I always run out of quarters to do my laundry. I hardly ever use cash these days, preferring to use plastic cards with magnetic strips to pay for all my goods. But unless I get my cat to start licking all my clothes clean, I’ve got to feed the washing machine its diet of large, circular change. So I found myself in a long line at the bank at 11:30 on Saturday morning along with several other people who were cashing their paychecks or answering their cell phones despite very strict signage that prohibited such behavior.
I picked up a copy of our weekly liberal newspaper to read as I waited. I flipped past all the ads for “island temple healing” (are there islands in Indiana?) and “European whirlpool and body massage” (is there something special about European whirlpools? Does the water whirl in the opposite direction?) to find an ad on the back page for a medical research study asking me, “Healthy, but Overweight?” I don’t know why they needed to capitalize “overweight.” Perhaps the weight that word implies necessitates the use of a huge, round capital letter as a visual cue about the size and shape of the individual it is describing. It paid several thousand dollars and I was beginning to lament the fact that they hadn’t been doing this study last year when I was still fat but eating lots of green things that grow in the ground and running regularly, which surely qualified me as healthy.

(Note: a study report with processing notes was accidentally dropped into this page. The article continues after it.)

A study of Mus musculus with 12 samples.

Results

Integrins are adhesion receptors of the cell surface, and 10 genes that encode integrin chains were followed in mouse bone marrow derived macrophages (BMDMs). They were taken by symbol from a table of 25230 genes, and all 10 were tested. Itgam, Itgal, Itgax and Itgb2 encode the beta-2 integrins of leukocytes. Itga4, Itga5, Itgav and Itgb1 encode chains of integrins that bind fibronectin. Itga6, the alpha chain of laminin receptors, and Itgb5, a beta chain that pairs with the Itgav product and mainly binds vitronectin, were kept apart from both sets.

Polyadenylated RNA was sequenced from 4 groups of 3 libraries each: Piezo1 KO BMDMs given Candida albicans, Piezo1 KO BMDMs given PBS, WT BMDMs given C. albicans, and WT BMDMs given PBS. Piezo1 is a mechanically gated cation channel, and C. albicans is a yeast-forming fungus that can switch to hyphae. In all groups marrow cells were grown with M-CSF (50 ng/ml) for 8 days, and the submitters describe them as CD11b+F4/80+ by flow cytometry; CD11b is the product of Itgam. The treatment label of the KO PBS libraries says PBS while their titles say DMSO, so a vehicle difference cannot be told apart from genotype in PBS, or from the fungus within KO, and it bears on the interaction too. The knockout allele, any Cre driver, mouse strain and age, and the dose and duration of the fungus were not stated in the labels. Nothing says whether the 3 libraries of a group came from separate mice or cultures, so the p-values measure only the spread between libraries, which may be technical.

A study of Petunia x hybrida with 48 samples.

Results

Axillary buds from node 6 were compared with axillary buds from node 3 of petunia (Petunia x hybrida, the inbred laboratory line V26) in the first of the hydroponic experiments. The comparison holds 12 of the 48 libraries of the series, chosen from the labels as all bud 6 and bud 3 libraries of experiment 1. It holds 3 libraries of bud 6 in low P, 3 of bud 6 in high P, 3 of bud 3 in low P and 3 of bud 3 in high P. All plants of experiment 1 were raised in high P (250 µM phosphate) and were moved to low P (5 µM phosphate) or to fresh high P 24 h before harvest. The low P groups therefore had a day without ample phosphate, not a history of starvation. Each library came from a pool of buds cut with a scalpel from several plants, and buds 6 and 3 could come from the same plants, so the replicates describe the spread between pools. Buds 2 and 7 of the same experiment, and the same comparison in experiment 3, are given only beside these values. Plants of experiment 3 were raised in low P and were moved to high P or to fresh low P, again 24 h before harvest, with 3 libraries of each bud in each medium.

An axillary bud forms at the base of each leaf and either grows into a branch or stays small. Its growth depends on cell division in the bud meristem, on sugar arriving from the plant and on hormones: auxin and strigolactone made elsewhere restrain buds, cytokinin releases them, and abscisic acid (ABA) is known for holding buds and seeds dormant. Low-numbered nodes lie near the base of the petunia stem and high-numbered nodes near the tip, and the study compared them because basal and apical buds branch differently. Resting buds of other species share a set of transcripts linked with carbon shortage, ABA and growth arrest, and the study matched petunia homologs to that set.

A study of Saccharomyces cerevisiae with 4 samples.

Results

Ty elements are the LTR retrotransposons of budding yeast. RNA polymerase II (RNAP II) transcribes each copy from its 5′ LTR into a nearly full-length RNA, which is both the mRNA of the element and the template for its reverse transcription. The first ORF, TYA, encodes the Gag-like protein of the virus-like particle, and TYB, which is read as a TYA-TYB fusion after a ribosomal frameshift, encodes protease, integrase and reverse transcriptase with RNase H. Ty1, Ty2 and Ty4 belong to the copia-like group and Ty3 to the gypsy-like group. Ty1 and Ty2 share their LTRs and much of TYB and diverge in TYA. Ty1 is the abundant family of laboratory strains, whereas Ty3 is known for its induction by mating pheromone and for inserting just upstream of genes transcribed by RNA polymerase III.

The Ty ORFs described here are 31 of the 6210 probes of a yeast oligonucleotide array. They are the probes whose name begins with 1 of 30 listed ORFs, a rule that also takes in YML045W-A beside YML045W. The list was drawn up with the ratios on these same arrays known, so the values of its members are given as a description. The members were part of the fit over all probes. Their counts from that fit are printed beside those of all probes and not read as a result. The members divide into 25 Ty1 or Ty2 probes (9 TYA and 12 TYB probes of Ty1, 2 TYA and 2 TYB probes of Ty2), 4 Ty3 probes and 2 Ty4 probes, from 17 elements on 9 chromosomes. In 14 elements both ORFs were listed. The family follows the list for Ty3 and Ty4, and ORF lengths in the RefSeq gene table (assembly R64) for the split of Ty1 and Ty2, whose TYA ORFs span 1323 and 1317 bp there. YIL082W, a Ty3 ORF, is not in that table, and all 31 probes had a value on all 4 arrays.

I’m still technically overweight according to my BMI though, so I was wondering whether I could sneak into this study and get some easy cash. I looked through the bulleted list of requirements. Male or female? Why yes I am! Age 18-65? Check. Tobacco and nicotine-free? I’m so boring I’ve literally never smoked a cigarette. Then I noticed this:
“Females must be surgically sterile or postmenopausal.” Say what? How are my ovaries an issue here? Exactly what are they going to do to these fat people? Maybe there’s a reason they’re paying $4,250 dollars, and it’s not the fact that you have to stay 16 consecutive overnights at their center. I read that the film director Robert Rodriguez earned $7,000 to finance his first movie by submitting himself to experimental drug studies, if the Internet Movie Database is to believed. But it also said he had two divots in his arm as a result of the procedures, so I guess the man earned his money.
I suppose it’s for the best that I am no longer overweight nor am I surgically sterile or postmenopausal, though I’m glad I’m still healthy. Otherwise the study would be mildly tempting. However, if you live in Indiana and are fat, healthy, and really hard up for cash, it evidently pays pretty well to be a lab rat.